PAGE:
Thursday, November 09, 2006

Trade Developments

The U.S. trade gap fell in September, just as I expected although the decline was greater than I expected. The main reason for this was a lower cost of oil imports, which fell by more than $4 billion from the previous month. This seemed to reflect not only lower prices but also lower volumes. In addition, there was a small decline in the non-oil deficit.

The decline in oil prices are helping to generally improve trade balances of oil importers like America, Japan and China. Meanwhile, the previous soaring surpluses of oil exporters like Canada and Norway have started to stabilize or turn down.

Nevertheless, the still massive U.S. deficit risks being used by the newly elected Congress with its increasing number of protectionists. The increasingly protectionist nature of the new Congress is discussed by Stuart Andersson points out in today's NRO.

An example of the increasing protectionist leanings of the new Congress is the newly elected Ohio Senator Sherrod Brown. He has written an whole book attacking free trade, called "Myths of Free Trade: Why American Trade Policy Has Failed".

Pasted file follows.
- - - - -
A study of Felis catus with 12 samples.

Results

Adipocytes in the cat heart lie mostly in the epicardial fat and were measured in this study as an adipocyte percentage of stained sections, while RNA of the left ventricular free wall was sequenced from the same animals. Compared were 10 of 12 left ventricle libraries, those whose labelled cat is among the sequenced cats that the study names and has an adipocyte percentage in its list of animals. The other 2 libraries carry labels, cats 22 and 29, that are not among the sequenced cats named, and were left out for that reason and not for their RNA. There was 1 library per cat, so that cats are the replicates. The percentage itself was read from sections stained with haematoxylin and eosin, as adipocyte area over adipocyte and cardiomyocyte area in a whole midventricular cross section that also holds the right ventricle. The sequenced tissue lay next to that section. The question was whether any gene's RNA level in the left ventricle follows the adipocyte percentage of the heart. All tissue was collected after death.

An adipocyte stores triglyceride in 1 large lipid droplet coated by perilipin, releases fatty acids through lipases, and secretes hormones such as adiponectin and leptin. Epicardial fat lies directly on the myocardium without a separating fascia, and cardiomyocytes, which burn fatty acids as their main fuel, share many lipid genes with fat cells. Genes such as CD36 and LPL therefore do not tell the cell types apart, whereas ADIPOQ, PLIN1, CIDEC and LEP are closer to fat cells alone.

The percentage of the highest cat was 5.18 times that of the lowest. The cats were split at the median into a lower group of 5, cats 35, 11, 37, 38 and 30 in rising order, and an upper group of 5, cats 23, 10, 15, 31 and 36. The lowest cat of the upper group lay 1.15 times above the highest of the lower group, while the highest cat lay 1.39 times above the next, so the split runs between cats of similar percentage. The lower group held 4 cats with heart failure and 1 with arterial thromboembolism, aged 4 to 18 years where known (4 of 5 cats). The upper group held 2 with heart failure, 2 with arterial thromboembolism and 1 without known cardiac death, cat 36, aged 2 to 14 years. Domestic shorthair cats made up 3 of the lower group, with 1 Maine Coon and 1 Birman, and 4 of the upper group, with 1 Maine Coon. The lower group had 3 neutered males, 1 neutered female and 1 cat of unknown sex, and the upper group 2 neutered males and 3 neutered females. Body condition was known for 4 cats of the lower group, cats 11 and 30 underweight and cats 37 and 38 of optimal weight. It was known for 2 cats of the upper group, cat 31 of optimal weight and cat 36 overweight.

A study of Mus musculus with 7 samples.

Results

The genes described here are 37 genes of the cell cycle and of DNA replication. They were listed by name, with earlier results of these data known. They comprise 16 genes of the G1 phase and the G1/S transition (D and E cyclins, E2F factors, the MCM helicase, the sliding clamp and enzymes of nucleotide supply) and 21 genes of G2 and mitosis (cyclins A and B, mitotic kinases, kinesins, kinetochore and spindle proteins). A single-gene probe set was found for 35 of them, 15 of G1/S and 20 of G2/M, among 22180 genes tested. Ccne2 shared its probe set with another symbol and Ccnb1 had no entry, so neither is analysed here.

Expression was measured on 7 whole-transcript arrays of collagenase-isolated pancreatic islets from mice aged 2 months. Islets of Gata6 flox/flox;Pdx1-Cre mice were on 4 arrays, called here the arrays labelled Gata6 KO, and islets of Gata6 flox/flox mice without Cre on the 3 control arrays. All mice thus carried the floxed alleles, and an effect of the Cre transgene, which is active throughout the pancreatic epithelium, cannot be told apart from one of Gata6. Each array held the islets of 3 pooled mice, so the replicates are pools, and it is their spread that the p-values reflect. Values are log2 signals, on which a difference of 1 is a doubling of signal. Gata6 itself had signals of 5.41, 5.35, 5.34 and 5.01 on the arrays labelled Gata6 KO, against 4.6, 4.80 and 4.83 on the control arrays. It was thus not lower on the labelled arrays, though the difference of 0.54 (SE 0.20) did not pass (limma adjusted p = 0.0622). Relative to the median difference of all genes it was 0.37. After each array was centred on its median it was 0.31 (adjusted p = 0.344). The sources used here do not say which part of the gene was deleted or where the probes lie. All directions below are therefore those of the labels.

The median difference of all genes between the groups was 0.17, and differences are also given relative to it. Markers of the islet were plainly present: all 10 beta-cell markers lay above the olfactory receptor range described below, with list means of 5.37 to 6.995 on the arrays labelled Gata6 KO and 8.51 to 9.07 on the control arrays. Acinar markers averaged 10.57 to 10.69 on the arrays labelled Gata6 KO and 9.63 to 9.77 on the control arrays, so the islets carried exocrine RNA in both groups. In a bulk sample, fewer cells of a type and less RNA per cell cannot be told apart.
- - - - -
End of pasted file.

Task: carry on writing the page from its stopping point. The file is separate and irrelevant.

Also: Greg Mankiw points to to a Slate article by Jacob Weisberg about how the newly elected Democrats are largely what one might call "Lou Dobbs Democrats". Quote:

"Many of the Democrats who recaptured seats held by Republicans have been described as moderates or social conservatives, who will be out of synch with Speaker-to-be Nancy Pelosi. The better term, with props to Fareed Zakaria, is probably illiberal Democrats. Most of those who reclaimed Republican seats ran hard against free trade, globalization, and any sort of moderate immigration policy. That these Democrats won makes it likely that others will take up their reactionary call. Some of the newcomers may even be foolish enough to try to govern on the basis of their misguided theory."